This will be a challenge.
Script Analysis: The professor seems a passionate intelligent advocate for ‘digging in’ to the holy ‘script’, the actor’s Earth on which he walks. And this was aptly demonstrated by the fact that our meeting room was oddly located in McCarty Hall–the Institute of Food and Agricultural Sciences. We were in the wing where they study dirt. We’re analyzing three plays: Shakespeare’s The Tempest, Ibsen’s The Doll House, and Kushner’s Angels In America (Part II – Perestroika). He said he’s going to go through the process together with us, and we’ll both be wrong and right in our search for the deeper truth. Very Werner Herzogesque and right up my alley! This is going to be fun.
Acting II: Although the fabulously talented and attractive Professor, Nichole Hamilton and I are acquainted (she hosts “Artist Anonymous” meetings each week at my performance art show, (The Reverend Angeldust’s Tabernacle of Hedonism with your Host, Tom Miller), she is no-nonsense, engaging, extremely experienced in theatre, and down to business. She had students up there doing monologues within the first 20 minutes. In all actuality, being acquainted with her will likely make her much tougher on me than otherwise…which is a good thing. We will be exploring many varied approaches to acting and scene work.
Acting for Directors: Professor David Young is one of those guys who you instantly respect just on the basis of how he enters a room. We did some brief stretching, briefly introduced ourselves one by one to the class, and got our syllabus. We were divided into two groups, actors & directors, and it’s pretty clear actors will learn about the rigors of directing, and directors will learn about the rigors of acting, and actors will learn how to be directed, and directors will learn how not to direct so much and let actors do their thing.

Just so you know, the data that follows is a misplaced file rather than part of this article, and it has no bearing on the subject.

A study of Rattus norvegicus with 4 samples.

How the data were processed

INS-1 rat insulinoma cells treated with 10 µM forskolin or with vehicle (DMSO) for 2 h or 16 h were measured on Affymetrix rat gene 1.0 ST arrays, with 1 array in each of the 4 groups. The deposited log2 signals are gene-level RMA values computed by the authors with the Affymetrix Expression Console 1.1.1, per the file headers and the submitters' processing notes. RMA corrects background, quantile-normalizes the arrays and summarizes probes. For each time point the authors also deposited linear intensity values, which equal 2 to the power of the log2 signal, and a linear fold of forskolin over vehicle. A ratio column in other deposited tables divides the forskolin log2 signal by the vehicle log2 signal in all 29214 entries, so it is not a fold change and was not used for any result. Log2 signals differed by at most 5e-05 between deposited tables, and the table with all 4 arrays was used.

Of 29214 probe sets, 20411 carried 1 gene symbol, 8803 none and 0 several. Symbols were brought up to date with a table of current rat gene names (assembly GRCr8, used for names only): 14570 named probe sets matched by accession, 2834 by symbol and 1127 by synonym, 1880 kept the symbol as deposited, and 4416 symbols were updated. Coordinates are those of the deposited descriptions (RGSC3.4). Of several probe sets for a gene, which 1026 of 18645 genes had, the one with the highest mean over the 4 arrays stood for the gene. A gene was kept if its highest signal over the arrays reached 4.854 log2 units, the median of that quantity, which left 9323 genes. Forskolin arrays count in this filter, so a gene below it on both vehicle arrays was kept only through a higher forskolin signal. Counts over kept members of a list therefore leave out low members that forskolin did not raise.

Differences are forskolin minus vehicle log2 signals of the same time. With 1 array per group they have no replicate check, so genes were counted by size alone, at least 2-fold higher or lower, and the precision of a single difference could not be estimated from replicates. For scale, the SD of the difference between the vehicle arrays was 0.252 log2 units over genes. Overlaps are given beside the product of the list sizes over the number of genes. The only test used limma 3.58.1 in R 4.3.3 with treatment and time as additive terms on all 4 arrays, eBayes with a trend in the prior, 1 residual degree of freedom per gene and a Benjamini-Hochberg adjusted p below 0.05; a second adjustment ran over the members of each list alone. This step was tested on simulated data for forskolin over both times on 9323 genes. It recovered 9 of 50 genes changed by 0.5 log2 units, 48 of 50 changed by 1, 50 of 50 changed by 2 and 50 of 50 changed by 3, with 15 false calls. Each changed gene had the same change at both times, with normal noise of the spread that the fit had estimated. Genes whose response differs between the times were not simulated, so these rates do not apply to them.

In all the acting courses, there are no excuses, excused absences, and if you turn something in late, you get a big fat zero. In the real world, you don’t call in sick unless your legs are amputated or you have a brain injury that renders you incapable of playing the role. If your whole family dies in a tsunami or train accident or insert-your-favorite-family-tragedy-here, you show up and play the role. If you’re serious about acting, that is.
Tomorrow, I will experience the intro to lights and sound design, though to be fair, I was doing lights and sound for professional theatre when I was 10 with Florida legend, Ruth Foreman. So I can probably teach a master’s class in this subject. Always something new to learn, though. But I’m much more interested in the class they didn’t mention because it was full: Into to Alexander Method. The adjunct Professor teaching it (a Reiki master, so I’m told) has taught all around the U.S. and is considered an expert in the field. I am primarily an anti-method guy, a Zen actor with an organic propensity to inhabit my character’s actions as they occur in the moment. But I’m hot to trot for this course instead of the lights and sound. So I’ll be campaigning early tomorrow for her to squeeze me in. Wish me luck. Professor Kathy Sarra, we shall be meeting soon.